The voice ceased. There was a convulsion at her throat. Nothing stirred in the room. From the street below came the sound of a passing car and a boy's voice, "Morning papers." Mogley was weeping. The dead woman's hand clutched the paper. Her face wore a smile. This is no fable; it is the hardest kind of fact. I met Craddock not more than a week ago. His inebriety prevented his recognizing me.

He raised himself on his front feet and lifted his head high, higher, until his nose pointed skyward and his antlers lay back upon his shoulders. Then a strong convulsion shook him. I heard the shuddering wrestle of his whole body. I heard the gurgle and flow of blood. Saw the smoke of fresh blood and smelled it! I saw a small red spot in his gray breast where my bullet had struck.

But it worked beneath the surface, and could not be taken to indicate an approaching convulsion. The greatest Churchmen of the day, Morton, Warham and Fox, were absorbed albeit reluctantly in affairs of State.

His voice was a spur rudely galvanizing her into action, into an awkward convulsion that landed her on her knees beside Timmy. She gripped his little shoulders with fierce intensity and almost glared into his eyes. "Say it again, Timmy say it again!" She looked around wildly. "He spoke, Jerry, as clear as anyone! He said 'I want that one, and pointed!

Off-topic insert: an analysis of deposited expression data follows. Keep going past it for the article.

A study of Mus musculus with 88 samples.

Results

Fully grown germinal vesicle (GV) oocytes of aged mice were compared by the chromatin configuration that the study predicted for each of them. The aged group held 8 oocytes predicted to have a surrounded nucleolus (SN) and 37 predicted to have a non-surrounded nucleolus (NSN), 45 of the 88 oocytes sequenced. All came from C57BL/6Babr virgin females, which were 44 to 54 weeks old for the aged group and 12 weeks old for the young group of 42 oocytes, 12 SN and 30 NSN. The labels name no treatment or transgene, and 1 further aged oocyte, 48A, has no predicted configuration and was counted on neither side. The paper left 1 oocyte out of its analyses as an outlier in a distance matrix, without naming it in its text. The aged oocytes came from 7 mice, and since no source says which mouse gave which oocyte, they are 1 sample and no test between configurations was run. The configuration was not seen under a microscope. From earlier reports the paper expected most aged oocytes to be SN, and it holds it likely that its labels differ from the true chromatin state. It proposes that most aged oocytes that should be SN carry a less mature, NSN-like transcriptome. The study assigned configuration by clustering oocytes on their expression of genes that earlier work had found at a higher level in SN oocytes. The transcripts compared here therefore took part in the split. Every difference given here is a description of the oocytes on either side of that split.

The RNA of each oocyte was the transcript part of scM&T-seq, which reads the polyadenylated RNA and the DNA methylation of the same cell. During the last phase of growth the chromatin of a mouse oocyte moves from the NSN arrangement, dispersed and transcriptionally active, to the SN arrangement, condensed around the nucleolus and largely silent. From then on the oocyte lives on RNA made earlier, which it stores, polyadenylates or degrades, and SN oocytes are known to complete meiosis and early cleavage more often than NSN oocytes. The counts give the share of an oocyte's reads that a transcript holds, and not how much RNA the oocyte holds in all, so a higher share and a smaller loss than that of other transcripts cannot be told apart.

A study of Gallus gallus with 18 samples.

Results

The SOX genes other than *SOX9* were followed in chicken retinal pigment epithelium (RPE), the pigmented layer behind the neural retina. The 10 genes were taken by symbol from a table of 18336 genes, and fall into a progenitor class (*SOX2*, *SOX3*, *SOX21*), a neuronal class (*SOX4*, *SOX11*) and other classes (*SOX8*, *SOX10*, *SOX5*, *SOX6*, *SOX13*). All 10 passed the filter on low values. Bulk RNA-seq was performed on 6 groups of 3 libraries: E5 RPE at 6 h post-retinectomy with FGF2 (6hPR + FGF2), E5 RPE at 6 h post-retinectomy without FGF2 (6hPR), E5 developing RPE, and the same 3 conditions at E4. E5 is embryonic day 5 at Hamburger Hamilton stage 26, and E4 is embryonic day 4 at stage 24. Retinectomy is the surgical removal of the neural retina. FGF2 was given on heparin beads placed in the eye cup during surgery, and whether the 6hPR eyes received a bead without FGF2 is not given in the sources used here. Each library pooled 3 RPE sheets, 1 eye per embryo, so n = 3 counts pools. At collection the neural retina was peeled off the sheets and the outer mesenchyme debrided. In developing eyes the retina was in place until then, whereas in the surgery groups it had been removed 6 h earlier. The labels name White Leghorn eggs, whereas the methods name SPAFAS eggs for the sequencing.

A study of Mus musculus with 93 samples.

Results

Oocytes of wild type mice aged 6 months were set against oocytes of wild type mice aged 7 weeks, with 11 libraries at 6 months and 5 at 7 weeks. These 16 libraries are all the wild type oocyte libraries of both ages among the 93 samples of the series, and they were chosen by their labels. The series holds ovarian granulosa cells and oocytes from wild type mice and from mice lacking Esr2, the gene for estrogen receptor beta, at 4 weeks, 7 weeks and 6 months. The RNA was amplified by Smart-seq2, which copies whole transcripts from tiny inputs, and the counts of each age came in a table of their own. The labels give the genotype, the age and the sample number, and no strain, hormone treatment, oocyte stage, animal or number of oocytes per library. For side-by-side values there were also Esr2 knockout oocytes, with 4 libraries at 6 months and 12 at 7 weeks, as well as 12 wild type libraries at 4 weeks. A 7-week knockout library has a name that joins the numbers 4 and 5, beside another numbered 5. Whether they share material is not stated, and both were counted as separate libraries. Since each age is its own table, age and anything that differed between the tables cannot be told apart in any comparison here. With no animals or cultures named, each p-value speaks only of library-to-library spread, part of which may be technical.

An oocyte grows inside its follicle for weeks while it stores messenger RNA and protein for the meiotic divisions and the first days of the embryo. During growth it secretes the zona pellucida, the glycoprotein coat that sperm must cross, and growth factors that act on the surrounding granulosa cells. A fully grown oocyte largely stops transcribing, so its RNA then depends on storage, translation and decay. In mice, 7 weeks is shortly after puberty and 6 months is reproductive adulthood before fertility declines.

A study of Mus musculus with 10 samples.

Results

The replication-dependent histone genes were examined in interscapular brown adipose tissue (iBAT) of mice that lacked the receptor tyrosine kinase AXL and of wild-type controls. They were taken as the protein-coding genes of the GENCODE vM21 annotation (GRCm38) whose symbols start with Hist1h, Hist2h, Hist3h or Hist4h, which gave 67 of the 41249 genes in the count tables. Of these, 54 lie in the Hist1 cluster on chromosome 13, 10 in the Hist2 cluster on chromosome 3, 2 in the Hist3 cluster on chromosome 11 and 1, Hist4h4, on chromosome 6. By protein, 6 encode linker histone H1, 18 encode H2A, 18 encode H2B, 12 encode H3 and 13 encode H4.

Such a convulsion in the sober councils of a burgh town was never heard of. It was a thing not to be endured, and so I saw at the time, and was resolved to turn it to the public advantage.

Here lie the level strata, without any bending or folding, or sign of convulsion and upheavals, horizontal as the surface of the sea or lake in which their sediments were originally laid down; and here are these deep, wide valleys cut down through these many sheets of stratified rock; and here are these long, high, broad-backed mountains, made up of the rock that the forces of air and water have left, and with no forces of erosion at work that would appreciably alter a line of the landscape in ten thousand years; and yet we know, if we know anything about the physical history of the earth, that erosion has done this work, carved out these mountains and valleys, from the Devonian strata, as literally as the sculptor carves his statue from the block of marble.

Each side is more or less precipitous, and you seem at the mercy of the furious tide, while jutting rocks above seem just ready to be loosened by some convulsion, and to crush you with their merciless weight: meantime, your horse stands unmoved by the peril before or above him, apparently deaf to the noise of the torrent, and quietly surveys the rapids, as if to select the safest point to cross.

During three days journey we saw frequent gaps in the earth, which had been cleft by the convulsion, and great heaps of earth which had tumbled down from the mountains into the vallies.

A student of our history is concerned rather with the effect it did not have than the effect it did. If it be a splendid fate to have survived the Flood, the English oligarchy had that added splendour. But even for the countries in which the Revolution was a convulsion, it was the last convulsion until that which shakes the world to-day.